Iran’s nuclear deal faces tough scrutiny at United Nations talks

The flag of the International Atomic Energy Agency (IAEA) flies in front of its headquarters in Vienna, Austria, May 28, 2015. (Reuters)

The 2015 nuclear deal between Iran and world powers faces a stern test at the United Nations this week as Europeans try to persuade a skeptical Trump administration to keep it, while Israel lobbies to turn up the pressure on its regional rival.

U.S. President Donald Trump, who must make a decision by mid-October that could undermine the agreement, repeated on Thursday his long-held view that Iran was violating “the spirit” of the deal under which Tehran got sanctions relief in return for curbing its nuclear program.

The Republican president has called the agreement, struck under his Democratic predecessor, Barack Obama, “the worst deal ever negotiated.”

The prospect of Washington reneging on the agreement has worried some of the key U.S. allies that helped negotiate it, especially as the world grapples with another nuclear crisis, North Korea’s nuclear and ballistic missile development.

“We all share U.S. concerns about Iran’s destabilizing role in the region, but by mixing everything up, we risk losing everything,” said a senior European diplomat, who was part of the 18-month negotiation process that led to the accord.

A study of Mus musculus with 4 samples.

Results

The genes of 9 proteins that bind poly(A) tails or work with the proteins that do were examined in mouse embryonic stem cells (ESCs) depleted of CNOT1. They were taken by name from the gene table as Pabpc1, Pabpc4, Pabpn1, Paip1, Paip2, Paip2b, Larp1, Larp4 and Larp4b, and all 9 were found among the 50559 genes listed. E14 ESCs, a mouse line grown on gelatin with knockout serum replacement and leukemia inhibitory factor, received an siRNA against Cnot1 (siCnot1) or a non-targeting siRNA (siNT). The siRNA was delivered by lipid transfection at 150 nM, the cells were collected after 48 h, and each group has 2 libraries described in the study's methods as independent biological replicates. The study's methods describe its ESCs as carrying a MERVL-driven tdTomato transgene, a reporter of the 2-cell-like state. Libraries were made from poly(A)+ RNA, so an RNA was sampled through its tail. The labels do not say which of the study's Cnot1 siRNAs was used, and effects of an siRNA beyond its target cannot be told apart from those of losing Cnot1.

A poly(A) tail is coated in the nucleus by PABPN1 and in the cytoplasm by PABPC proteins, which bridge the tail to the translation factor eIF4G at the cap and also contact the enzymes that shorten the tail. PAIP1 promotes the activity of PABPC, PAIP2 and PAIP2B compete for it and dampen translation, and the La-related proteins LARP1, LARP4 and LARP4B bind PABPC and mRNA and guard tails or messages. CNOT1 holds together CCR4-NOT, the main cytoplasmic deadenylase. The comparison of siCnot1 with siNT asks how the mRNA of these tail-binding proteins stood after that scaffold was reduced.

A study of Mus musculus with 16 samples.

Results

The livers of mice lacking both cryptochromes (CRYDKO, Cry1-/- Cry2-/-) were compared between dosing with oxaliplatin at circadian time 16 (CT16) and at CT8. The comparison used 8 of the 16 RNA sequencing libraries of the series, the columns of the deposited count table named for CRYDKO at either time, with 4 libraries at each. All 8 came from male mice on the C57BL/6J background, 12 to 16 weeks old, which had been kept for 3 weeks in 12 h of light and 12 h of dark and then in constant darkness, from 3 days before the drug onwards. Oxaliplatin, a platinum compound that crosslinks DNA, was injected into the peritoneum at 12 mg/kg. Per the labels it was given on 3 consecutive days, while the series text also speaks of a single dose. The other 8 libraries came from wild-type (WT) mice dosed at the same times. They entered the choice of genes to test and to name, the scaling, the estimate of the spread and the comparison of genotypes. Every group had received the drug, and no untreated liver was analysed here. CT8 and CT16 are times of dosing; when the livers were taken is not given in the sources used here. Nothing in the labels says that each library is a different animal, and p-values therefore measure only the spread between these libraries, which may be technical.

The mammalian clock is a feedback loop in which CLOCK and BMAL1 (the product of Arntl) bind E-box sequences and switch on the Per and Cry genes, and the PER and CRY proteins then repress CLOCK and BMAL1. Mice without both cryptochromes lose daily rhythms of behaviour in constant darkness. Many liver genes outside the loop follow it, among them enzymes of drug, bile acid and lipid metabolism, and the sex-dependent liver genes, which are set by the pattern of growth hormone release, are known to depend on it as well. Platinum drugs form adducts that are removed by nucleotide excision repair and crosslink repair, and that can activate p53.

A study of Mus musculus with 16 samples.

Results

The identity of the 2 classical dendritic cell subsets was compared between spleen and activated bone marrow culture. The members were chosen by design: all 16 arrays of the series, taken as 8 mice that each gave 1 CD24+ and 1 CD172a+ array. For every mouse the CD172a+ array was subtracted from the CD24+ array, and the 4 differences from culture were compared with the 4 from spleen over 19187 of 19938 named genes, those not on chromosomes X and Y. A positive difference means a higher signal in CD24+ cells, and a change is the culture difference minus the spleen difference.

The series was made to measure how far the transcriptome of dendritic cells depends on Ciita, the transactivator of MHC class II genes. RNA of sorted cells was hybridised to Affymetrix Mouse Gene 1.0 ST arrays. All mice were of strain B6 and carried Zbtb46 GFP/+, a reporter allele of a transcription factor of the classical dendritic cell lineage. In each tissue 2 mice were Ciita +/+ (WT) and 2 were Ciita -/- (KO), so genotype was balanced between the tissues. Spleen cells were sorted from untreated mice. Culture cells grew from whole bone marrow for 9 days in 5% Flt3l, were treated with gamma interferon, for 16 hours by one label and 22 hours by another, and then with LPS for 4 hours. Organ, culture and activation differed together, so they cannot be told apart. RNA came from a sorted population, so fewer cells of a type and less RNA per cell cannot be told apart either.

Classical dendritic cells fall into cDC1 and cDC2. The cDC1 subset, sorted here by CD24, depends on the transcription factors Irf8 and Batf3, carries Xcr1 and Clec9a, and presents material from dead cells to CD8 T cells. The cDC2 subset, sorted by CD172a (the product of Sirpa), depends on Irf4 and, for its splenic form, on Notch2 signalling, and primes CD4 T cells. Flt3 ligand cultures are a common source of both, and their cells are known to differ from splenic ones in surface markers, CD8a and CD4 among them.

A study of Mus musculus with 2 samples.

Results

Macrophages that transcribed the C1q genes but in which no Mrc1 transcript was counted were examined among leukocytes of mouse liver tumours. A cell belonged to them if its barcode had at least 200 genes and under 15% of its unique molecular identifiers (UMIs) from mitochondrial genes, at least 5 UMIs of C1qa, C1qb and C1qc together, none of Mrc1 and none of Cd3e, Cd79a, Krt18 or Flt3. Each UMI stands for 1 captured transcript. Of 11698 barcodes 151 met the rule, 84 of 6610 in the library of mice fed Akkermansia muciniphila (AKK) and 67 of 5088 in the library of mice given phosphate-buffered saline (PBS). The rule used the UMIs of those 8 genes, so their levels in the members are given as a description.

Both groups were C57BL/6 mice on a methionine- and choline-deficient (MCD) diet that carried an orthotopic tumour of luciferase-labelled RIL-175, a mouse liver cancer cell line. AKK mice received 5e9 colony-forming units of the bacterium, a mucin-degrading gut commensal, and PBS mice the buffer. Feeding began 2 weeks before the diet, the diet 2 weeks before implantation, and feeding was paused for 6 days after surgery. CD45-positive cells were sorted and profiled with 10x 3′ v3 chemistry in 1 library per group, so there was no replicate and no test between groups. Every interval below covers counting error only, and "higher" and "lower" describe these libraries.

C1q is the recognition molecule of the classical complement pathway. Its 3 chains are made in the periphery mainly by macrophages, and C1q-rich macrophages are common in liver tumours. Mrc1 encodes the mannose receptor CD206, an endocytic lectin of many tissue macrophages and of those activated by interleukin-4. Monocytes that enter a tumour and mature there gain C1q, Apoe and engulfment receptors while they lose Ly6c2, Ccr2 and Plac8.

Trump must decide in October whether to certify that Iran is complying with the agreement, known as the Joint Comprehensive Plan of Action (JCPOA). If he does not, Congress has 60 days to decide whether to reimpose sanctions waived under the deal.

Iran’s Supreme Leader Ayatollah Ali Khamenei warned on Sunday that Tehran would react strongly to any “wrong move” by Washington on the nuclear deal.

At the U.N. General Assembly on Monday, Trump meets Israeli Prime Minister Benjamin Netanyahu followed by French President Emmanuel Macron, who like Trump, is making his inaugural appearance at the annual gathering of world leaders.

Both have very different messages to deliver.

“Our position is straightforward. This is a bad deal. Either fix it — or cancel it. This is Israel’s position,” Netanyahu said in Argentina last Tuesday as he toured Latin America.

Israeli officials said he would also relay concerns over what Israel describes as Tehran’s growing military entrenchment in Syria and its post-civil war role in that country.

They said changes that Israel was seeking in JCPOA included lengthening the 10-year freeze on Iran’s nuclear development program or even making that suspension permanent and destroying centrifuges rather than temporarily halting their operation.